Sanna's Bag

“I never seem to have what I need when I need it. I’m going to make a belt-bag that’s bigger on the inside than on the outside, and just carry everything with me.”

Saturday, February 05, 2011

Poor Phil

I understand the groundhog was frozen in, couldn't see his shadow, couldn't even get out of the hole.  So, winter should be on the way out for you folks on the East coast.  .  This whole legend evloved from a bit of British folk wisdown that said that if the hedgehog could see his shadow on the 2nd of February, then they were due for six more weeks of winter.  Hedgehog / groundhog - what's the difference, right?  So Phil and his ilk get rousted out of their hibernation on Feb 2nd to have a look around.

Out here, on the left coast, we do things a bit differently.  We use a real hedgehog.  BUT, since hedgehogs are not indigeneous to the Pacific Northwest, we go up to the zoo and drag an African spiney hedgehog out of HIS nice warm burrow and hold him up to the thin and bitter light of February, and right around the 2nd we usually have a bit of a break, so there usually is enough sun to cast a shadow, and we caulk our galoshes in preparation for another six weeks or so of unremitting rain.  No, we don't have snow or ice down here in the valley, though the Eastern half of the state is freeze dried hard as a brick.  But down here in the valley we have rain and 40degrees.  Per omnia, saecula, saeculorum.

So, for a bit of frivolity, let's import a facebook silliness to blogdom.  I want you to leave a post telling how you met me, but I want you to lie.  If you have posted for me on facebook and want to repeat or re-enter the lists with another lie, please do.  And, if you would like, I will go to your blog and do the same.  With all the active imaginations in the area, this turns out to be a lot of fun!


  • At 7:35 AM , Blogger Amy Lane said...

    Well, I was on vacation with my family one day, and I had this dream, in which this goddess with a bottomless bag stuffed with yarn kept trying to give me Lindor balls. After a little bit of internet surfing, to see who this goddess in my dream was, I found Roxie's blog, and the rest is history!

  • At 8:38 AM , Blogger sophanne said...

    I can't believe you don't remember...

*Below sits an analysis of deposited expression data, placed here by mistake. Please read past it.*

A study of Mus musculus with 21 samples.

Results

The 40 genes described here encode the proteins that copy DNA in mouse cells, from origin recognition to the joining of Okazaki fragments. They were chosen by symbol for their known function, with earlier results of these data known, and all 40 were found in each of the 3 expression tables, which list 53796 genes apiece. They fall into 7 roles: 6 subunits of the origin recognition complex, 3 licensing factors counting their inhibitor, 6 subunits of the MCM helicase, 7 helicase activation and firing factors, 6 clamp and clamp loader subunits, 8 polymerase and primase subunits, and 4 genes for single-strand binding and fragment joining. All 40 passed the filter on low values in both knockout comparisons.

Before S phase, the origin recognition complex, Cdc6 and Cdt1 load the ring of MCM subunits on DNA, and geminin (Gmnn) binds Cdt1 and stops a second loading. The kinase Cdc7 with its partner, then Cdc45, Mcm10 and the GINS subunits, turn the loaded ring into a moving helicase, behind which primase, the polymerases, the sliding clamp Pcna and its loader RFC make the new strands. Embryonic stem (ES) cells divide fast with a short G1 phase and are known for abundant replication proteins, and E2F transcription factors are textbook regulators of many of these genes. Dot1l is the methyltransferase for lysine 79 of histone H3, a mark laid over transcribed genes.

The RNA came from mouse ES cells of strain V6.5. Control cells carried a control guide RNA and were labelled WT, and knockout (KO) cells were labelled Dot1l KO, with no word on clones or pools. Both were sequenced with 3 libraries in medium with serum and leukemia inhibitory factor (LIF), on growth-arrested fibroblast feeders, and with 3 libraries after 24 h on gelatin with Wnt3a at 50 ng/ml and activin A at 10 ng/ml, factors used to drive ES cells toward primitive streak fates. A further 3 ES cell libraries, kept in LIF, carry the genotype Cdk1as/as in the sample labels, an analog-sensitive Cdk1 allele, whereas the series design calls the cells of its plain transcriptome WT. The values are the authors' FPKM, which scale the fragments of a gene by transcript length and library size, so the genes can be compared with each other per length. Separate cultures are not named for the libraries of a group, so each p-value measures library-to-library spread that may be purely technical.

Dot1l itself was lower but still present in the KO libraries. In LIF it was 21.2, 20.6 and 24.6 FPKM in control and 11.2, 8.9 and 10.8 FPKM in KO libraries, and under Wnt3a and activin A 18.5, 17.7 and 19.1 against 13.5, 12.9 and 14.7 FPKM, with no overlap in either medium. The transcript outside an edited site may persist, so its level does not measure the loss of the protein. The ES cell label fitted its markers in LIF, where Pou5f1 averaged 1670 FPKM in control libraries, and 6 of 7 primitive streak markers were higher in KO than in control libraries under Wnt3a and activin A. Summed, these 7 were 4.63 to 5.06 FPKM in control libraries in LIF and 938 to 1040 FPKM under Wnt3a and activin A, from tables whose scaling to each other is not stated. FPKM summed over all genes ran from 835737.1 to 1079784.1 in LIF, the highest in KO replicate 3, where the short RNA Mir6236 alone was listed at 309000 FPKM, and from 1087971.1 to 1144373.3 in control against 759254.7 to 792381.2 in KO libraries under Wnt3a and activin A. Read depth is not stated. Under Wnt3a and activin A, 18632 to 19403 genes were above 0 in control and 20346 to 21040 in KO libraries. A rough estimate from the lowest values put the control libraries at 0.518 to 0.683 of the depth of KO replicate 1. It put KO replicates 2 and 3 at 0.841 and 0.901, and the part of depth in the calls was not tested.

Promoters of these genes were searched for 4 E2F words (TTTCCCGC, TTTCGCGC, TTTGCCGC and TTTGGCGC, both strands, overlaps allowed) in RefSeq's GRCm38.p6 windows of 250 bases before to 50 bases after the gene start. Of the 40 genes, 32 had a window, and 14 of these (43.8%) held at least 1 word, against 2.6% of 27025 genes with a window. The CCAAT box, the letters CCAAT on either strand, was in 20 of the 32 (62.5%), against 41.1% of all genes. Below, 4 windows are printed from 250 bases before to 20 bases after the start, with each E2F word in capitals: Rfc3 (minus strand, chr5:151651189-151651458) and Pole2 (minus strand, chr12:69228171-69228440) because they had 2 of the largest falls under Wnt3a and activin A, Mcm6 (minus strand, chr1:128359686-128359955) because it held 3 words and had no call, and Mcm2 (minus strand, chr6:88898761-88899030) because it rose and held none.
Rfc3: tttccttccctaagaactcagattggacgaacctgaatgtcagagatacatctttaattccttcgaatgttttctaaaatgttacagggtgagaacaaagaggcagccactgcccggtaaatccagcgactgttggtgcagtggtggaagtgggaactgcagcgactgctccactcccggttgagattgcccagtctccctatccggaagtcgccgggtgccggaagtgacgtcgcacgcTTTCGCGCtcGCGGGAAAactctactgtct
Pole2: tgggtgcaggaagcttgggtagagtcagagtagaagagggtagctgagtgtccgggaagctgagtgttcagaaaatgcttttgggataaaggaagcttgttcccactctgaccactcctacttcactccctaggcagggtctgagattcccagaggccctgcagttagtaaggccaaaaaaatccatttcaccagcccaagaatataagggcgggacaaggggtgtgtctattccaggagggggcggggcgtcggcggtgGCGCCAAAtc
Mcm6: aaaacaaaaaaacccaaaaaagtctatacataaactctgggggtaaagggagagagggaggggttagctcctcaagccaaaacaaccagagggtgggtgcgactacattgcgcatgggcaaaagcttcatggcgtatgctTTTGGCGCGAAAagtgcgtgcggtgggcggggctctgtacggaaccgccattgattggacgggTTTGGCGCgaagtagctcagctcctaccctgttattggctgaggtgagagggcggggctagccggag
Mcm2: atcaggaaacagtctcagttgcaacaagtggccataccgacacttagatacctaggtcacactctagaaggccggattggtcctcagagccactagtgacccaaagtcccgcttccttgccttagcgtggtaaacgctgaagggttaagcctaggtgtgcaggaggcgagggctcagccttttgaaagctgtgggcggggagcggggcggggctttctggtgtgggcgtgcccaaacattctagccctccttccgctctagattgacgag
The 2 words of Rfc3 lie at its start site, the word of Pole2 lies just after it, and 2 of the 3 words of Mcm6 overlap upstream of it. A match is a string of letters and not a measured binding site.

We met on an airplane. Not in the seats of an airplane, but actually as we were skywalking on biplanes. I liked your scarf and you gave it to me and while I tried to catch it I nearly had a fatal fall. Fortunatley you had not let go of the other end and pulled me to safety on your own plane. I still have that scarf.

  • At 11:48 AM , Blogger Heide said...

    You stole my pole at the club! It was supposed to be my set, but there you went, prancing in with your long, beguiling legs and just wrapped them right around my brass money maker. Needless to say, with those legs, your flexibility plus f...ew creative moves never seen before this side of the equator the entire club was at your beck and call. Knowing that I could never hold a candle to your prowress I gave up exotic dancing altogether to pursue a career as a collector of Kopi Luwak coffee beans. Unfortunately, a severe allergy to lemurs ended that endeavor. Left in despair I ended up in a mental institution where I was taught the craft of knitting. Years later I started a knitting blog and lo and behold, I "bumped" into you once again, via your knitting blog. It seems that you too gave up pole dancing. We've been steadfast friends ever since. You're the tall, exotic one and I'm the short, side kick. Isn't life interesting?

  • At 3:02 PM , Anonymous Benita said...

    It's really a rather odd little story - about how I met Roxie. You see, I was hunting through the undergrowth on the mountainside in Mongolia for a little lost lamb that I had purchased and was wanting to bring home. I kept hearing this bleating sound, but the harder I looked for it the more evasive it seemed to get. So I sat down on a rock and bided my time.

    Sure enough, that little bleating sound started to come toward me. I sat very still, but I had my trusty rope ready to catch my little lost lamb.

    As the sound came closer, I wandered if my little lost lamb had caught a cold while it was out lost - it is rather cold on the side of a mountain in Mongolia, so I put my rope away and decided to be gentle.

    Finally, the bleating sound was right beside me, on the other side of a bush. So, I carefully parted the branches of the bush and looked through. But it wasn't a lamb at all, but a very happy-looking lady, sitting on a rock and that bleating noise I had heard was her singing! At least I think it was singing.

    So I walked around the bush and sat down next to her and asked her what her name was. "Roxie," she answered.

    "And what are you doing here?"

    "I'm singing!"

    Then it hit me. "Did you, by any chance, drink some of that fermented yak milk?"

    "Yes! And it was so lovely!"

    Then Roxie hiccupped and my little lamb walked up and began to snuggle down next to her. So I gathered them both up and brought them back to the US with me. Roxie is still a happy person, and her singing still sounds like bleating, but she kept my lamb and named him Bobbie. I understand Bobbie has a sheepy friend living there with him now, too.

  • At 7:07 AM , Blogger KnitTech said...

    Roxie, I can't believe you're asking me to tell this story after we swore to take it to our graves!

    We were at college - good 'ole Mystic U - and the boys of Cum of Sum Yung Guy was holding a masquerade bash. You was suppose to "hook up" with someone, then at mid-night the masks would be removed. You get the idea...

    Anyway, me and this tall, hot looking cowboy hit it off, right off the bat. End up making out for an hour or two. Imagine my surprise when midnight comes and it's Roxie, instead of a guy!

    It's funny now, but at the time... it was hysterical!